I read "The China Study" in one sitting the very day it arrived from Amazon - it blew me away that much! The sheer scope of the research and references, and the clarity of the conclusion they point to, should be enough to turn anyone off animal foods for life.
This book is about as far from a fad diet as you can get - Campbell has spent over 40 years studying nutrition, and has been personally involved in many of the ground-breaking studies this book details (including, of course, the massive China study itself). Not only that, but he came from a background that predisposed him to seeing the typical "Western" diet as the pinnacle of sound nutrition - and yet has come to believe the complete opposite through years and years of research.
I have been a health-conscious vegetarian for nine years, so compared to most people you wouldn't expect my worldview to have been shaken up all that much by this book. However, although my vegetarian diet was based on all the information that was readily available - fruit and vegetables are good, saturated fat is bad, etc - this book still laid waste to some of the myths even I hadn't been able to see through, because there's so much propaganda out there regarding nutrition.
Most importantly, Campbell discredits once and for all the huge conspiracies that have been built around protein and dairy. Most people know vegetables are healthy, even if they don't eat enough of them, but hardly anyone is aware that protein isn't the miracle nutrient it's touted as being. Not only is it very hard to eat too little protein, but most people eat far too much. Similarly, dairy is still promoted as "healthy", especially low-fat dairy (of which I was an avid consumer, until I read this book). We're led to believe we need it for bone health, even though a survey of osteoporosis rates around the world suggests exactly the opposite conclusion. And, as a vegetarian, people were always telling me I needed to eat dairy in order to get a good dose of protein, even though (as Campbell's evidence conclusively shows) the main protein found in milk actually promotes cancer.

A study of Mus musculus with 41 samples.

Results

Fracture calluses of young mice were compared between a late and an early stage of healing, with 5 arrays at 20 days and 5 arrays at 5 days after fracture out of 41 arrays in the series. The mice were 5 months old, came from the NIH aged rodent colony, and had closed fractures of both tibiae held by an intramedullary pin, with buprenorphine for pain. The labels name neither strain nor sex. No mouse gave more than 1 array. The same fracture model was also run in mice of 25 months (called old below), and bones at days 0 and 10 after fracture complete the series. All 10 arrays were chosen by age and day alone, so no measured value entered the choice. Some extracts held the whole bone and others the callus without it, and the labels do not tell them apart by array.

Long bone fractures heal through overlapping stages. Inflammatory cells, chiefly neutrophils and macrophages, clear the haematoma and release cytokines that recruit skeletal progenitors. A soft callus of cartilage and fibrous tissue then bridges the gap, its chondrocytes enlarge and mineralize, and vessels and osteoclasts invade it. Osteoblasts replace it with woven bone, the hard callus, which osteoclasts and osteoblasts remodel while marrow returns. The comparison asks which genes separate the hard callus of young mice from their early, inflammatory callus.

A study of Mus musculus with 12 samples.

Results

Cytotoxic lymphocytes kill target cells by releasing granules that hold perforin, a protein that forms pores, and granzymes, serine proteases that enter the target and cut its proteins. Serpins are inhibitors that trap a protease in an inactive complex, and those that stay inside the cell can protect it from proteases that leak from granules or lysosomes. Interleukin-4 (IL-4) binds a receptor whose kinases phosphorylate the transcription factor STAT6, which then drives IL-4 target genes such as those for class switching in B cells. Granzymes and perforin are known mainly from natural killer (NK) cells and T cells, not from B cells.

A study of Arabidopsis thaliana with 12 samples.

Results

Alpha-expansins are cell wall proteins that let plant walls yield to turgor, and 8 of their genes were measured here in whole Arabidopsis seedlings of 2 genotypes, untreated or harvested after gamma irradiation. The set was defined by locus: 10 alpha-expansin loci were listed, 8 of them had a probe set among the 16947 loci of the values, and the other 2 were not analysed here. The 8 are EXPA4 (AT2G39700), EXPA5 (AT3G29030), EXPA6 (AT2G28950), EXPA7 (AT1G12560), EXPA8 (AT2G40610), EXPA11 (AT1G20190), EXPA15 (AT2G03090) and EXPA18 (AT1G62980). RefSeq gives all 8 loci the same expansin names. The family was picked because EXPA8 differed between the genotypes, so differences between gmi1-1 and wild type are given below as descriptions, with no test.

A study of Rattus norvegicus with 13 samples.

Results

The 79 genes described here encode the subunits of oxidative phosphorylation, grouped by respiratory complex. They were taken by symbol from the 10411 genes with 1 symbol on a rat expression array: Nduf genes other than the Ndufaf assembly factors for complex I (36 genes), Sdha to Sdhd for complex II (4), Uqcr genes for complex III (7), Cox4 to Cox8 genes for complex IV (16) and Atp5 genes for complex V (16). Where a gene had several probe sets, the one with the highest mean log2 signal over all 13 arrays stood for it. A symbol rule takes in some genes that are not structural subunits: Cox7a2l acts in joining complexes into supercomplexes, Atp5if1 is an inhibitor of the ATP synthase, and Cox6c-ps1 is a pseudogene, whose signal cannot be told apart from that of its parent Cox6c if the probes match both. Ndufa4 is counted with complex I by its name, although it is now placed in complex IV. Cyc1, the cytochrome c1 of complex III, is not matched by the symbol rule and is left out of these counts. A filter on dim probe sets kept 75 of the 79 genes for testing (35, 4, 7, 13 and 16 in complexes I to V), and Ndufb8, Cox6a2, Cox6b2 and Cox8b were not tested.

The same day I read this book, I became a vegan. Fortunately, my diet had already been a "fringe" diet for years (not that a healthy diet should ever be considered extremist), so I'd long since discovered the joys of vegetables, fruit, whole grains, and tofu. But now I'm more determined than ever to "convert" my boyfriend and family to the green pastures of veganism - and I'll start by giving them all this book for Christmas. If you care about someone, and don't want them to die of a premature heart attack or cancer, how could you not give them this book?
Unfortunately, as convincing as Campbell's conclusions are, there are probably many people out there who simply - for some very inexplicable reason - don't care enough about their health to follow his guidelines. It's always baffled me why people continue to take up smoking when they know it's about the worst thing they could do for their health. Similarly, a lot of people who see the animal-based Western diet as the default will probably see Campbell's recommendations as too hard to follow, and will continue to regard healthy eating as somehow abnormal. Despite the solidity of his conclusions, so many people have been indoctrinated with the idea that eating animal foods is necessary for a "balanced" diet that they will remain incredulous, even though the evidence against this idea is so strong. Campbell's exposure of the corruption behind the nutritional information we're given is admirable, though, and I sincerely hope people listen to him.